10 Tips To Get Children Involved In Houseworkby Nicole Avery+ on May 27, 2008 in 10 Things, Child Development
My children have their set jobs which they are responsible for on a daily basis. To help them remember them, we break it down to certain times across the day:
- Kids Chores – What My Kids Do In The Morning
- Kids Chores – What My Kids Do After School
- Kids Chores – What My Kids Do In The Evening
But there are times also when I want them to give me a hand with some ad hoc housework that needs to be done. Naturally this request is not always met with glee and joy, but there are a few things that I do, which makes the process a happier and smoother one for all involved:
I find that my kids are more likely to be in a helping mood in the morning that later in the day. Tiredness for the little ones is particularly a factor and for the older children they are fresher and more enthusiastic in the morning as well.
(2). Time Limit
The thought of endless cleaning or tidying is not something that brings me joy, so I can imagine it would seem like torture to the children if I suggested that we clean until everything was done!
For each child I set a time limit on how long they are expected to clean. The time varies depending upon the nature of the job and the age of the child. I tend to start with 15 minutes for the youngest and it is quite often the case that they actually want to keep working past this time.
(3). My Expectations
If I approach the communal cleaning project with the attitude that all will be completed in an orderly fashion and to a high standard, then I am going to be disappointed. The point of the communal cleaning project is to get the children contributing to the upkeep of the household, to teach them practical skills and to enjoy each other’s company.
Like myself, all my children love music so when we are cleaning together I let the children choose which music they would like to have on while we are working. Singing away while working, can take away some of the dullness of the job.
There is generally a number of household jobs that need completing, so I like to offer the children a couple of age appropriate jobs from which they can choose the one they want to do. From this choice they feel that they are having some say in the process and are more likely to take full ownership of the the job that they choose.
Before letting the kids start their household task, if they have not completed it before, I will take them through a very simple demonstration.
A trick which I learnt from my oldest son’s Montessori teacher in giving demonstrations to children, is not to talk too much. It is better to gain the child’s attention and allow them to watch me do the activity slowly. If I narrate each step, it can become information overload.
After the visual demonstration, I can then ask the child to break down the steps they need to do, so I can check their understanding.
Once I have handed over the task, I need to give the child complete autonomy to do the job. There is nothing more disheartening for a child to have an adult come to them. take over the task and “show them how to do it properly”.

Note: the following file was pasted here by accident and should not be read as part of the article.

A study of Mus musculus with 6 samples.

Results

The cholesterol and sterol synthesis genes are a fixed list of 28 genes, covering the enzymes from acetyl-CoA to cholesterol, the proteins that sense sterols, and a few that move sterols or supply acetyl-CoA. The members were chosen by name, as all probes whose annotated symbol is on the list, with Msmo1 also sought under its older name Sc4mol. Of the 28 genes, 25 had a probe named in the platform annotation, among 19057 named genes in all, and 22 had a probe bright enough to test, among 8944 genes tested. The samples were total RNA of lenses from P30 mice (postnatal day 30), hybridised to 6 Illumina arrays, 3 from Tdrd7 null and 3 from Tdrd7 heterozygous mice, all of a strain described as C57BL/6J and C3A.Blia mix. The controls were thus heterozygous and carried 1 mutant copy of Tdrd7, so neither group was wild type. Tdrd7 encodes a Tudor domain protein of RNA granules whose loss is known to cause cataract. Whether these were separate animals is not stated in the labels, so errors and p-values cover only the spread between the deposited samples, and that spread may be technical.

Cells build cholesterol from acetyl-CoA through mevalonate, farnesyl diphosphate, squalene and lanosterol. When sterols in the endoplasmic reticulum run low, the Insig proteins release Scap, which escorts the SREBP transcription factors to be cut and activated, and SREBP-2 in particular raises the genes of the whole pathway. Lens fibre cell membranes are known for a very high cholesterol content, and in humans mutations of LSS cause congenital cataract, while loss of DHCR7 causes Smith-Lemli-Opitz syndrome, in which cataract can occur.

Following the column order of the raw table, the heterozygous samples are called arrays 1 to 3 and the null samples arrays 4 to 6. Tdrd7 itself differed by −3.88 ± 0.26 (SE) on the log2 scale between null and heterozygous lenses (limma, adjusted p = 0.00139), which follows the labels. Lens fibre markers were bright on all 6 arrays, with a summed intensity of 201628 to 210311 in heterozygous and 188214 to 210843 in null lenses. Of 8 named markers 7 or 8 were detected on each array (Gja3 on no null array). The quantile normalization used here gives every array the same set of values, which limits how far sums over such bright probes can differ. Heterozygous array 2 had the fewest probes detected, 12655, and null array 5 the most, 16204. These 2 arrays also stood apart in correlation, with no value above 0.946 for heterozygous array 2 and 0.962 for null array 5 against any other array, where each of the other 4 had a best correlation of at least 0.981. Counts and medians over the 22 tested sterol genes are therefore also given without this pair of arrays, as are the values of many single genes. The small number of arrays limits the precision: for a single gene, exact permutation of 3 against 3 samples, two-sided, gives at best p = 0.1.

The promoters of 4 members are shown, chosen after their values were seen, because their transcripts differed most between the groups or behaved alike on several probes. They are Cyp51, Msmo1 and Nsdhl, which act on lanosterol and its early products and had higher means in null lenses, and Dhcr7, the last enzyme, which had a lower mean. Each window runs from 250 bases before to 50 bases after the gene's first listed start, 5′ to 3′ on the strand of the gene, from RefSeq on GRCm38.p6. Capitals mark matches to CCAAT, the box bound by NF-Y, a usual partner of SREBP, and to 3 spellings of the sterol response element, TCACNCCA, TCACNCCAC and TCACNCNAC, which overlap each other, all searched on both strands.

Going back to point three above, my expectations need to be realistic about how they will complete the task. I want the children to learn how to do these tasks properly and to do so, will more than likely need more than one attempt to get it down pat.
I can offer guidance and tips where necessary, and if I am really unhappy about the way for example the windows were cleaned, but I know the child tried their best, then I can always wait until they are in bed before I fix it up!
I am in the encouragement camp of the praise vs encouragement debate. Encouragement focuses on the process, as opposed to the end result and does not label the child. After helping out, I want my kids to be able to make their own judgment on how they have gone.
I tend to use a before and after example to get this point across. If like in the above point they have worked on the windows, I can take them to a window that has not yet been cleaned and compare it to the one that they have worked on. I can note the hard work and patience that they put in to achieve this and reinforce how much I like clean windows!
(9). No Pay
My children receive pocket money, however it is not attached to any particular task. (For further discussion on pocket money, please read Financial Planning With Kids) So when I get my children to do extra jobs around the house, I do not pay them for it. My philosophy behind this is that they are part of the household and as such need to contribute to the upkeep and maintenance of the house.
When I am requesting their help around the house, I do not wish for it to turn into a discussion about how much each task is worth.
(10). Children’s Choice
As the children have just participated in an activity of my choice, I like to follow up communal cleaning session with a game of the children’s choice. This is generally something simple like hide and seek or maybe some wrestling.
How do you get children on board to do additional jobs around the house?